USDA Launch Bulk Milk Testing to Mitigate Dairy Losses Amid Bird Flu Threat 

United States: US farmers can now collect large samples of milk from multiple cows, rather than testing each cow individually, before transporting it interstate. This change aims to streamline testing and reduce the spread of bird flu, according to a USDA statement released yesterday. 

More Details on the Program 

The USDA’s initiative reflects a commitment to combat bird flu and reduce losses for farmers, following incidents of bird flu in cows and dairy workers in late March. However, some veterinarians express concerns that bulk testing might not be sufficiently thorough, as reported by 

In late April, the USDA mandated that infected cows, including lactating ones, test negative for bird flu before interstate transportation. This measure aims to prevent the virus from spreading to other states. As of Wednesday, 2,492 pre-movement tests have been conducted, though the number of animals tested is not specified. 

USDA Launch Bulk Milk Testing to Mitigate Dairy Losses Amid Bird Flu Threat. Credit | AP
USDA Launch Bulk Milk Testing to Mitigate Dairy Losses Amid Bird Flu Threat. Credit | AP

Bulk Milk Testing Pilot Program 

The bulk milk testing program is intended to eliminate the need for individual pre-movement tests, providing a win-win solution for combating the virus and reducing its circulation, according to Eric Deeble, the USDA’s acting senior advisor for bird flu.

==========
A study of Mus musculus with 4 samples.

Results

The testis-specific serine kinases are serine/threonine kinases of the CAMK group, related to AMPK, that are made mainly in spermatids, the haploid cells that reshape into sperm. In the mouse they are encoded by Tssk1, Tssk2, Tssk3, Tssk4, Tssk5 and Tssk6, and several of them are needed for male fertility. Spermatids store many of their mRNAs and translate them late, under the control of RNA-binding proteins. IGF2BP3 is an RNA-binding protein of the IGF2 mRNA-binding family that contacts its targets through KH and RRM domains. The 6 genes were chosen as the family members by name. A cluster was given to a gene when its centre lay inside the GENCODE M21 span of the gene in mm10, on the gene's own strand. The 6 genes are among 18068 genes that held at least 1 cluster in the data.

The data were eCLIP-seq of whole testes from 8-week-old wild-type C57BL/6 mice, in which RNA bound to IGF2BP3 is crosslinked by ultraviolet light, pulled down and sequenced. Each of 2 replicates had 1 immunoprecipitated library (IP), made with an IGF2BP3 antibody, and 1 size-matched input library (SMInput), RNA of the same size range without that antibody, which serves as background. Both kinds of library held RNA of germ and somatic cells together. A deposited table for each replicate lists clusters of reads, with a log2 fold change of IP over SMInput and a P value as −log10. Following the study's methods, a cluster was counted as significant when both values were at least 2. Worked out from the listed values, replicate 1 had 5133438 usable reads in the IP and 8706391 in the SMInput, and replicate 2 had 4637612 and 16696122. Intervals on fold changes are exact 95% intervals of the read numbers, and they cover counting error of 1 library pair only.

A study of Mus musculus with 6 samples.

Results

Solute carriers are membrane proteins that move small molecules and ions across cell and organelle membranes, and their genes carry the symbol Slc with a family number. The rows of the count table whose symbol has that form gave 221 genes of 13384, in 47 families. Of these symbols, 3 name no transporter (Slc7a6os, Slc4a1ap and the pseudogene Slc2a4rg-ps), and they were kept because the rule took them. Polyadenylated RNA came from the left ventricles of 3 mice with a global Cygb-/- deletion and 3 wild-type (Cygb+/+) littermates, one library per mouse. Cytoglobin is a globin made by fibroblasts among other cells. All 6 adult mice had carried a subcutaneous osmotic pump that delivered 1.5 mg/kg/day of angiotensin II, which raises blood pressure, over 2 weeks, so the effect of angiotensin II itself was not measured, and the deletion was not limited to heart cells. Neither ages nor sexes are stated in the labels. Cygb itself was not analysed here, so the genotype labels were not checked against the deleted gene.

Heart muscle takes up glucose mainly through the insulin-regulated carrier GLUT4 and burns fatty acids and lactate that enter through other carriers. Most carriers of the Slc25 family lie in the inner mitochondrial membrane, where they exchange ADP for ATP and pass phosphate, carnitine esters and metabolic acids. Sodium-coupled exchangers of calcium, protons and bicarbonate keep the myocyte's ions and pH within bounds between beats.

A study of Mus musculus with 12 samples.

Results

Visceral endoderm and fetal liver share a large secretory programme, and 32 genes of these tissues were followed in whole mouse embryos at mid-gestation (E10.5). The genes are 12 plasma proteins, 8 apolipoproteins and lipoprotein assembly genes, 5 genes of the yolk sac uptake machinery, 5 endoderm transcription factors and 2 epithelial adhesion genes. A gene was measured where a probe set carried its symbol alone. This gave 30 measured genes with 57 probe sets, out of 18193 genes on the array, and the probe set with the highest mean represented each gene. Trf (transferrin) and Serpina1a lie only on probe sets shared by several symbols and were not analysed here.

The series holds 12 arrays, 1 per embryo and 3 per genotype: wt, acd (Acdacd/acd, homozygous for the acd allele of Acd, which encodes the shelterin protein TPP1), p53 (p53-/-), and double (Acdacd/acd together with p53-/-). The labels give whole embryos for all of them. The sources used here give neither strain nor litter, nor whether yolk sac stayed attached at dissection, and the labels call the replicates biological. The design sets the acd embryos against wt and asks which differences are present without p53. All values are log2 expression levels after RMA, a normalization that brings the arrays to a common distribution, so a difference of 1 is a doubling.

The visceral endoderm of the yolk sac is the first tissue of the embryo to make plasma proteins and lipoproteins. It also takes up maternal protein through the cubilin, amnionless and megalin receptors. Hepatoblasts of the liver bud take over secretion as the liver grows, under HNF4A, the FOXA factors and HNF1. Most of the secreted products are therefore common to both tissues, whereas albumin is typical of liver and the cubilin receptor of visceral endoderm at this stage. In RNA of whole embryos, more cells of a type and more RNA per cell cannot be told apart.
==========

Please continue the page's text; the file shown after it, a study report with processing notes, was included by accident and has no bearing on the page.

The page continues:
An advisor said that farmers could begin signing up for it the week of June 3 in an announcement to reporters that divulged details of the program, which was previously broken by Reuters. 

USDA anticipates an increase in the number of positive herds testing due to the voluntary nature of the program and aims to encourage more widespread testing. 

Deeble added, “This program is not loosening restrictions,” as reported. 

Agriculture Officials’ Response 

Agriculture officials from six states are reviewing USDA’s plan for the program. The new virus strain has been confirmed in cattle across nine states. The US Food and Drug Administration (FDA) estimates that up to 20 percent of the US milk supply shows signs of the virus, with an imminent risk of further spread. 

According to the International Dairy Foods Association, “Once it has support and participation from farms, the USDA program could help reduce the threat of H5N1 in dairy herds, further mitigate risk among farm workers, and continue to protect our nation’s commercial milk supply,” as Reuters reported.